Six Experiential Learning Activities to Use in Corporate Training Infographic
Experiential learning is a strategy commonly found in K-12 and higher education programs, but it doesn’t always lend itself well to the workplace. This is because it’s often expensive, takes more time to implement and is hard to track and manage, a requirement for most Learning and Development (L&D) teams, and necessary for proving Return on Investment (ROI).
However, more organizations are gravitating to this learning approach because by merging two traditionally separate aspects of training, learning and hands-on experience, learners are generating skills which they can immediately use back on-the-job.
When we talk about what experiential learning looks like in an organization, we generally think of field-based experiences (i.e., out in the real world). However, experiential learning can also happen in a classroom or at work, on-the-job. Let’s take a look at some examples:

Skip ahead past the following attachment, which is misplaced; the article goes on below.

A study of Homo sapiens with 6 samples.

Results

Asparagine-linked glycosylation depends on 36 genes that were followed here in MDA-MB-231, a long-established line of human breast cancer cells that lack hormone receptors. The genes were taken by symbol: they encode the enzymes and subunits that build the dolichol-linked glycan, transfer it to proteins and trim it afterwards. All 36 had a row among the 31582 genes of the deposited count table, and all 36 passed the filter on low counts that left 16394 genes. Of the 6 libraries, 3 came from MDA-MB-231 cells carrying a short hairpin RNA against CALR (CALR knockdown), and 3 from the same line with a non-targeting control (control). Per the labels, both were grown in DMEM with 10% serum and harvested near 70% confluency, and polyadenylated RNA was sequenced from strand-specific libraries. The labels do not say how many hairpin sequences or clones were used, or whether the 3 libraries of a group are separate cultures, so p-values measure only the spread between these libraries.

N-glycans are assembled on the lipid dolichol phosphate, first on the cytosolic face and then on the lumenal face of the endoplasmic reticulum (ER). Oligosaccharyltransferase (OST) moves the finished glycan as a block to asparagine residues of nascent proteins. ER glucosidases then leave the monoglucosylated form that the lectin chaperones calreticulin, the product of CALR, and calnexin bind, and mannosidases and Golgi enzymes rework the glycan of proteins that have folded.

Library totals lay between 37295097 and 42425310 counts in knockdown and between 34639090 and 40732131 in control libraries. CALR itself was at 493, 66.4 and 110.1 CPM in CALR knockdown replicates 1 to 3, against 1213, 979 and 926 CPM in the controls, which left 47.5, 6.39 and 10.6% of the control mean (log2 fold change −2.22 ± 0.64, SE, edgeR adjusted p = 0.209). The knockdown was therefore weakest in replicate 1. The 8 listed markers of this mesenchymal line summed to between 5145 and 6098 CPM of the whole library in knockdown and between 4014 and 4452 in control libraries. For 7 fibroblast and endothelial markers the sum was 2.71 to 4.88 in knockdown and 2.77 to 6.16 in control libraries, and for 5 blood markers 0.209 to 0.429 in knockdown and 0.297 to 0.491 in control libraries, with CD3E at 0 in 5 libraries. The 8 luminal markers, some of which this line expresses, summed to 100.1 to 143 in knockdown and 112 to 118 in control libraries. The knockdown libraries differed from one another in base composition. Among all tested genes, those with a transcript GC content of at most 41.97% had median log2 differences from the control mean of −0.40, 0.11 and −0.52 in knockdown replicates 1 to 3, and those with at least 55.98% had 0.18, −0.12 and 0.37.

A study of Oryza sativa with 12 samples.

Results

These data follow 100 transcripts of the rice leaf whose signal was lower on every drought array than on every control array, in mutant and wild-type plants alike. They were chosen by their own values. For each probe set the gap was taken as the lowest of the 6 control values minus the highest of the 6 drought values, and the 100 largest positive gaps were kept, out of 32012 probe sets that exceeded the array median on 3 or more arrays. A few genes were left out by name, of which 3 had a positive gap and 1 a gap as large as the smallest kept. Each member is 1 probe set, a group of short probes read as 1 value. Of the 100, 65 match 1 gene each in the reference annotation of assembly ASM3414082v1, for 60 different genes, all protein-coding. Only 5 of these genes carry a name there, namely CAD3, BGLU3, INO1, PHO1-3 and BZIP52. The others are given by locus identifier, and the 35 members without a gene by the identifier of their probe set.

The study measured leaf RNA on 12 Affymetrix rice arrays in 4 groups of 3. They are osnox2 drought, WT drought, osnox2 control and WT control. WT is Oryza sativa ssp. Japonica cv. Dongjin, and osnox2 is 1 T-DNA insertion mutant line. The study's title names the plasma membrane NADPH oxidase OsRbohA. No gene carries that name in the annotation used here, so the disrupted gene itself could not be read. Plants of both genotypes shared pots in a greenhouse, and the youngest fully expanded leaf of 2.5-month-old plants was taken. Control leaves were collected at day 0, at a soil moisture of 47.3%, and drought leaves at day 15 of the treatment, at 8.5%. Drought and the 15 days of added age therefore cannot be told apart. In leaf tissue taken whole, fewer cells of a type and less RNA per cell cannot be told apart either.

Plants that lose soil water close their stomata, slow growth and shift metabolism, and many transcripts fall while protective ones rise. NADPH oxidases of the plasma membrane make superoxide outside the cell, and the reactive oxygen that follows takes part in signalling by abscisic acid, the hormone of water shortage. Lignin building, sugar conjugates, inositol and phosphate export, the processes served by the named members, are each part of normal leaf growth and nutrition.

1. Role play
Role playing provides a safe environment for employees to encounter different scenarios and make mistakes.
Gaming is a popular way to help employees learn by doing. This process can teach them valuable lessons about how to deal with on-the-job situations.
3. Case studies
We know that many people learn better from examples than from basic principles. Case studies are based on real-life situations that have occurred.
Simulate a real-world situation to which a learner must react. Leaners have the opportunity to practice certain skills and make mistakes in a safe environment.
5. Problem solving
The objective with this approach is to design activities that require learners to come up with solutions – ways of dealing with issues or challenges that they can then use back on-the-job.
6. On-the-job training (OJT)
OJT exposes staff to ‘business as usual’ situations that they will continue to deal with once training is completed.